Zwetschgenkuchen (German Plum Cake)

So what is Zwetschgenkuchen? And how do you pronounce it? I never say it right, but I guess you would say tsvetch-gen-kuchen. If you really can’t say it, just call it a plum cake, or a plum kuchen. Basically, it is the #1 dish that my father-in-law asks me to bake for him when I come over. Everyone else is allowed to have some…if they can get to it before it’s all eaten up! It is a traditional German plum cake that my husbands family grew up eating and it makes me feel so happy to make it for them now. I may not be German, but I married in to a very traditional Jewish-German family with a lot of wonderful traditions, and eating is one of them! I encourage you to try it for your family!

Times

  • Prep Time : 15 minutes min
  • Cook Time : 45 minutes min
  • Ready Time : 1 hour

Servings

10-12 Servings

Ingredients

  • 1/2 cup margarine room temperature
  • 1/2 cup sugar
  • 2 eggs
  • 1 cup all-purpose flour
  • 1 tablespoon baking powder
  • 1/2 teaspoon salt
  • 1/2 teaspoon almond extract I use Disaronno
  • 1 large bag of purple Italian plums cut in to wedges
  • 1/2 cup sugar
  • 1 teaspoon cinnamon

Directions

1. This is such a simple recipe and the flavor is huge! Start by mixing the margarine and 1/2 cup of sugar. Add the eggs and mix again. Separately, mix together the flour, baking powder, salt and almond extract.

2. Add the flour mixture to the margarine mixture.

3. Prepared a pan with cooking spray and pour the thick batter in. Spread it out to make it even. I think you can really use any size pan, to be honest. The larger the pan, the thinner the cake will be. I prefer a thinner cake so I went with a larger pan. You do what you think will taste the best for you.

4. Slice the plums, removing the pit in the process.

5. This is where you can have a lot of fun and even get the kids involved! Layered the plum wedges on top of the batter in a pretty pattern. You can use whatever pattern you want, or no pattern at all.

6. Mix together the sugar and cinnamon and sprinkle it over the plums.

7. Baked the cake at 375 degrees for 45 minutes and it’s ready to eat!

I actually prefer the kuchen room temperature, but it is delicious however you want to eat it! You can try other fruits as well, although I don’t know what you would call them in German.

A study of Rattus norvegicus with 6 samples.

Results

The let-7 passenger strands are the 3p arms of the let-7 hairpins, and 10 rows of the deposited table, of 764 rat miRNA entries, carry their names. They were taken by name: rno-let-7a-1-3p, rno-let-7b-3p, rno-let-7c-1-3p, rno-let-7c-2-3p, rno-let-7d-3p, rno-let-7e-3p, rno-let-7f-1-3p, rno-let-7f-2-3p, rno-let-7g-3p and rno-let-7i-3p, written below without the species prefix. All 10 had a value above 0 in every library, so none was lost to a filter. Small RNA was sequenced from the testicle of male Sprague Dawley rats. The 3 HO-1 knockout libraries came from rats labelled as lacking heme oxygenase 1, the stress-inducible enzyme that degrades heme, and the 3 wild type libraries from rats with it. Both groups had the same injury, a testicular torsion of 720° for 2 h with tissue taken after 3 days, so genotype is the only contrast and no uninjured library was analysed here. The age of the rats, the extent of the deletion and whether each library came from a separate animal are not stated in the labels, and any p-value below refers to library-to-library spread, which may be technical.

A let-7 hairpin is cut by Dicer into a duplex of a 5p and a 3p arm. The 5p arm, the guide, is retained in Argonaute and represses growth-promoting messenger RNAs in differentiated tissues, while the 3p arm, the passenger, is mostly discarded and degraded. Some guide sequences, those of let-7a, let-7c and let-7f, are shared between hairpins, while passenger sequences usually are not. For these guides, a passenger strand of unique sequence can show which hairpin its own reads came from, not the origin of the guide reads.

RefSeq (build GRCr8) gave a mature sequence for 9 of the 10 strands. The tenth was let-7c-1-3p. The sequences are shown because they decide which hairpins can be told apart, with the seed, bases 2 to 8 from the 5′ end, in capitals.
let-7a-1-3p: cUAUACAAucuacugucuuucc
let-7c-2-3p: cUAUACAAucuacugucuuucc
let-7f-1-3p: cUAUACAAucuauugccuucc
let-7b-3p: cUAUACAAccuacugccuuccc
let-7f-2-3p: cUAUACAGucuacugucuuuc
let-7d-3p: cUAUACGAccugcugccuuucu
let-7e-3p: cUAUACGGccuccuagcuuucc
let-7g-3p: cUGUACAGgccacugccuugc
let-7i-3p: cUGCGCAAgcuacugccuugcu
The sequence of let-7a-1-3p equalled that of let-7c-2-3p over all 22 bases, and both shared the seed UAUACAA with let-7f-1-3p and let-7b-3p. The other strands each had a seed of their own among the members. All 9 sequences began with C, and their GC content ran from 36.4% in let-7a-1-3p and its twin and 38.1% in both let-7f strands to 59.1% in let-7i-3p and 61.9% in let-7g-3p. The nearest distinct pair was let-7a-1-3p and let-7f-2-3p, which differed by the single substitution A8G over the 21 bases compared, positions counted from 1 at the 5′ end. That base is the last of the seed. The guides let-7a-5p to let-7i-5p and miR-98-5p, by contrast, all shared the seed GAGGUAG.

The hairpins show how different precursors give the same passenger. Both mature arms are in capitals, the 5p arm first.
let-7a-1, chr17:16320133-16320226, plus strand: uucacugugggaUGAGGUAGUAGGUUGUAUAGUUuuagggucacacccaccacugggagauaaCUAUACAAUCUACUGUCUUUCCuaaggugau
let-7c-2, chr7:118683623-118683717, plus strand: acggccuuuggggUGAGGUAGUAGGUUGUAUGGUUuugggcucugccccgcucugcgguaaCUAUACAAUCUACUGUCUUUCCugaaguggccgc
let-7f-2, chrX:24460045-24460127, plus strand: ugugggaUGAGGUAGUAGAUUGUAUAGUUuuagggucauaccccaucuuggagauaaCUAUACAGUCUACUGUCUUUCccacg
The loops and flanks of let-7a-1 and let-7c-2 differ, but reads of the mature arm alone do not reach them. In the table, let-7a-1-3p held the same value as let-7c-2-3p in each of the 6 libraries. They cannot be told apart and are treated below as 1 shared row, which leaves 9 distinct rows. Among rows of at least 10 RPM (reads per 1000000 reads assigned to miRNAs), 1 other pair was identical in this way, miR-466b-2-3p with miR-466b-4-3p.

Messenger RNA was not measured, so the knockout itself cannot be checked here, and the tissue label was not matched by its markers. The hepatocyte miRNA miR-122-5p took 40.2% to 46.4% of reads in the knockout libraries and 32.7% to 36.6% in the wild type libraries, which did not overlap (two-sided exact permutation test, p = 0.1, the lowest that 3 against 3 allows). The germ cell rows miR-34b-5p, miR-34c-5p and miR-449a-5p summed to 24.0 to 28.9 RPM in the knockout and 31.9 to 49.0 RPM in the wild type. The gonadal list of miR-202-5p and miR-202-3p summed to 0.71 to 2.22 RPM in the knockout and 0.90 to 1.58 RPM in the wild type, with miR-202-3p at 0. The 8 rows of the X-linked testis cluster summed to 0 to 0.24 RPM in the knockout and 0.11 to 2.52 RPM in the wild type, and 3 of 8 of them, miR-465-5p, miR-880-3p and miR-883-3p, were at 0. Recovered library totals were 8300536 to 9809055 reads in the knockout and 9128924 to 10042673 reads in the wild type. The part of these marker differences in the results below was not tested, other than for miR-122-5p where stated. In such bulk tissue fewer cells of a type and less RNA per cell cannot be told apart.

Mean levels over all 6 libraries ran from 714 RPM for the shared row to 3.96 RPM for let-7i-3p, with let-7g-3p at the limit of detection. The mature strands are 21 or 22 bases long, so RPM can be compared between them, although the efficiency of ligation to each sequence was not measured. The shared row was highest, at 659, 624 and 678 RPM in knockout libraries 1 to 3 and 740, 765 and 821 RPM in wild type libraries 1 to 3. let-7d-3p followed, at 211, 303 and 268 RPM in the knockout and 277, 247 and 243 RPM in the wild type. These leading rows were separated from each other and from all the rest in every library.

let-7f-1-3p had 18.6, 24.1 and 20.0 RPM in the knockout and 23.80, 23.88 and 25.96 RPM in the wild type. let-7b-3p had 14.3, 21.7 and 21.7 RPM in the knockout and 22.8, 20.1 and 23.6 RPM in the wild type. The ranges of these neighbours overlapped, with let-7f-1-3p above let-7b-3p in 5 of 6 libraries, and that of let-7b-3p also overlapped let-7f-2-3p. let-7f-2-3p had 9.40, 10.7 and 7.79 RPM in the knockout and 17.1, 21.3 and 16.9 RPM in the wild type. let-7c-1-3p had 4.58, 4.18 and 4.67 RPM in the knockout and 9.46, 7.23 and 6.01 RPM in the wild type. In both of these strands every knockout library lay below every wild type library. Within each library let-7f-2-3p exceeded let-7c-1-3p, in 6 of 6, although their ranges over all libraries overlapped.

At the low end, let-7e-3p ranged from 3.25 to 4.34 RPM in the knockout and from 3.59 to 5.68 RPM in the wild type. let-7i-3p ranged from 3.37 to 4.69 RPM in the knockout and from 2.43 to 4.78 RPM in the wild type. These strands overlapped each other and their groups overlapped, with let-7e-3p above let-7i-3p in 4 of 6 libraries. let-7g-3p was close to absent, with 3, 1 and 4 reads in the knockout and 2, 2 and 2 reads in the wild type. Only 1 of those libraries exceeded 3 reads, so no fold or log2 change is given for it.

About Melinda Strauss

avatar

Melinda Strauss is the Director of Special Events for the Kosher Media Network. Melinda is a self-taught cook, food blogger, and mother of two young children from Woodmere, New York. She loves to be adventurous and daring in the kitchen and hopes to inspire her readers by adding fresh twists to simple recipes and bravely using unusual ingredients in an accessible way. You can visit Melinda on her blog Kitchen-Tested to see illustrated, step-by-step recipes and stories.

 

comments

 

17 Responses to Zwetschgenkuchen (German Plum Cake)

  1. This was delicious! My daughter (and I) had so much fun decorating the top with the plum wedges. I made it in an 8 inch square and used about 5 plums on top and only found that I needed a 1/4 cup of sugar + 1 tsp cinnamon to sprinkle.

  2. So glad you liked it! I love the cinnamon and sugar on top.

  3. avatar says: djguest

    What EXACTLY is a “Large Bag of Plums?” How about the weight needed? Where I shop, plums don’t come in bags. And they come in different sizes, too. Everything else in this recipe is so specific in terms of measurements, I would hope the central ingredient could be, too. I want to get the proportions right.

    • A large bowl of plums is around 10-15 small plums. To be honest, there is no right or wrong amount, as long as you can fill the top of the cake with sliced plums.

  4. avatar says: Lissy

    My Zwetschgenkuchen is dairy. The dough is made with “gvina levanah 5%” and a true hit in our house as well.

  5. Lissy- I would love to see your recipe. Email me at kitchentested@gmail.com.

  6. avatar says: Sima

    I made this delicious cake last shabbos and it was devoured! Everyone loved it and is looking forward to eating it again. I did use less sugar, (less than 1/4 cup) and more cinnamon (approx 2 1/2 tsp) to sprinkle over cake. The cooked plums tasted almost like cooked cherries. Tart, but sweet. Thanks for a winning recipe!

  7. Is 1 Tablespoon of baking powder correct? That seems like a lot. Perhaps it’s a typo and meant to say 1 teaspoon? It sounds like the recipe was a success for those who posted, but I wanted to make sure before I used my beautiful and hard-to-find Italian plums. Thanks!

  8. avatar says: Jennifer

    Do the plums have to be Italian? I have a plum tree in my backyard but have no idea what type of plums they are.

    • You don’t have to use Italian plums but they are the best for this! Italian plums are really small. You can use apples too!

  9. avatar says: K. Foley

    IMHO a Tablespoon of baking soda was way too much. I threw it out. I will make it again with a teaspoon, because it seemed like it would taste good.

    • Hi K. Foley. This recipe calls for 1 Tbsp of baking powder, not baking soda. Definitely try it again!

  10. avatar says: Joyce

    Because the Italian plums are’t available at the present time, I used prune plums. It tastes just the same as the Italian plums and it’s delicious.

  11. I made a delicious plum cake today with prune plums. Yummy!!

  12. avatar says: s.white

    Love it but I prefer the yeast based dough on the bottom and also sometimes make it with apples with or without cinnamon when the plums are not in season.